I fell down an Internet rabbit-hole late one night when looking for the best campsites in the PNW and tip-toed into our bedroom as Shane was just starting to doze, my laptop balanced on one palm as I leaned over him and asked quietly, “Think you could take a couple of days off in July to camp at Mount Rainier?”  Thus, a reservation at Cougar Rock Campground was secured for one of the last available sites on two of the last available nights.

We wound our way down Paradise Road on a Sunday afternoon, stopping at every turn to ooh and ahh at the panoramic views…

And then settled into camp with some hammocking and reading and game-playing.

After we’d fully chilled-out, we drove down the road to the rushing Nisqually River for more mountain-gazing.

We went for a short hike but soon circled back to the river to perch on a couple of rocks to take in the day’s last rays.

This has gotta be as good as a summer evening at the base of the mountain can get…

Sunday’s sunshine made us hopeful that the drizzle we’d seen in the forecast would stay at bay.  Shane was so bold as to leave the rainfly off the tent that night, but I woke at 2 am to a damp pillow, so he awkwardly (expertly?) strung up our rainfly in the dark, snuggling back into his sleeping bag just as the rain stopped.  It was just a passing shower.

Or so we thought.

We heard the pitter-patter of raindrops around 6 am and burrowed deeper into our sleeping bags, hoping it would let up by breakfast.  At 8 am, as the rain fell harder, we dashed from our tent to the car and zipped up to the Paradise Inn for waffles and bacon.  We would wait out the rain from the cozy interior of the lodge.

At 10 am we were still waiting!  We left the lodge and drove down the mountain, hopeful the rain would let up by the time we hit the hiking trails.

The mist made for some magical landscapes, but was really starting to dash my paddle board dreams!

We eventually found ourselves back in our tent, where we ate lunch and played games and took a monster nap.  Surely the rain would let up later that afternoon.

We heard the pitter-patter stop around 3 pm and hopped into the car, eager to get out and stretch our legs.  We drove toward Snow Lake, stopping along the way to check out gushing Christine Falls.

We pulled up to the Snow Lake trailhead just as the dang rain really started up again.  Of course this couldn’t last all day, so we had a snack in the back of the car while waiting for the skies to clear.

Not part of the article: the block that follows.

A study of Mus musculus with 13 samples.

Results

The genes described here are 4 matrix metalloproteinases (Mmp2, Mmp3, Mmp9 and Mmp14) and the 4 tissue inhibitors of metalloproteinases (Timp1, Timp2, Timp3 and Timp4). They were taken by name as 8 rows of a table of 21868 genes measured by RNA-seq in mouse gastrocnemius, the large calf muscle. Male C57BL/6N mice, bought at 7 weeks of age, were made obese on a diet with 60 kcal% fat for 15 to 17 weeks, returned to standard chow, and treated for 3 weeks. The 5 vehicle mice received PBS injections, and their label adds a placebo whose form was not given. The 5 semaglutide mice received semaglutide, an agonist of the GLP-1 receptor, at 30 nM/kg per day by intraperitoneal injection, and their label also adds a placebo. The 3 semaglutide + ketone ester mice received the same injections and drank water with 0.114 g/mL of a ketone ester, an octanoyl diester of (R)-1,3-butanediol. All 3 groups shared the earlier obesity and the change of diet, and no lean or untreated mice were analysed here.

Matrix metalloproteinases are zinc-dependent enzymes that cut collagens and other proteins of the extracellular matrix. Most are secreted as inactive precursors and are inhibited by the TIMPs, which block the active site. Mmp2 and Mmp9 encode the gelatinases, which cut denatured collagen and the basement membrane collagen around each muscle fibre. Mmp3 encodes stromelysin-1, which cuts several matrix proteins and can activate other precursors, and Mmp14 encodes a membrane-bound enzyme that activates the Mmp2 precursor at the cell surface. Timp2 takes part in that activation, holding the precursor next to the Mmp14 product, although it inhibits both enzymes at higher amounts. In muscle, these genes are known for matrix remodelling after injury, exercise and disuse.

And…the skies didn’t clear.  It was around this time that Shane asked if we should just call it and hightail it back to Seattle and our warm, dry house, but I remained optimistic in denial.  We’d been wanting to explore Rainier for years!  This was our chance, dammit!  I knew I was being entirely unreasonable, but Shane sensed my determination and so we headed back to camp and managed to start a campfire in the drizzle.

Bright side: this weather was good for snuggling.

Dinner was only slightly misty and then Juliette and I managed to get out for a quick stroll around the campground.  It seemed the skies were clearing – Tuesday would be AMAZING!  PLEASE GOD LET TUESDAY BE AMAZING!

The clearing skies clouded over again on Monday night and spilled forth a several-hour downpour, but finally, the rain let up on Tuesday morning as we were breaking down camp.  Juliette declared this the “worstest camping trip ever”.

But when I asked her if she still had fun, she said “of course I did, Mommy!”

We crossed our fingers and headed east toward the Naches Loop trail for that elusive mountain hike.  These misty roads weren’t reassuring…

But we took our time, popping out to take some pictures while the fog burned off (burn fog, BURN!).

We landed at Tipsoo Lake and the Naches Loop trailhead mid-morning and while it was hardly a bluebird day, it wasn’t raining, so we seized the moment and set out into the white abyss.

I love gray and green, but it felt so good to see some new colors along the way.

The mist didn’t lift, but no matter – it was warm and not raining and still all kinds of magical.

We stopped for lunch at the crest of the loop, which apparently offers epic views of Rainier on clear days.  I’ll have to take the other hikers’ word for it.  However, we did manage a brief, beautiful glimpse of Dewey Lake.

These Rainier wildflowers!  They’re the real deal.

This was most definitely worth a full day of rain.

Cheers to these two for sticking it out with me – there’s no one else I’d rather be trapped in a tent with.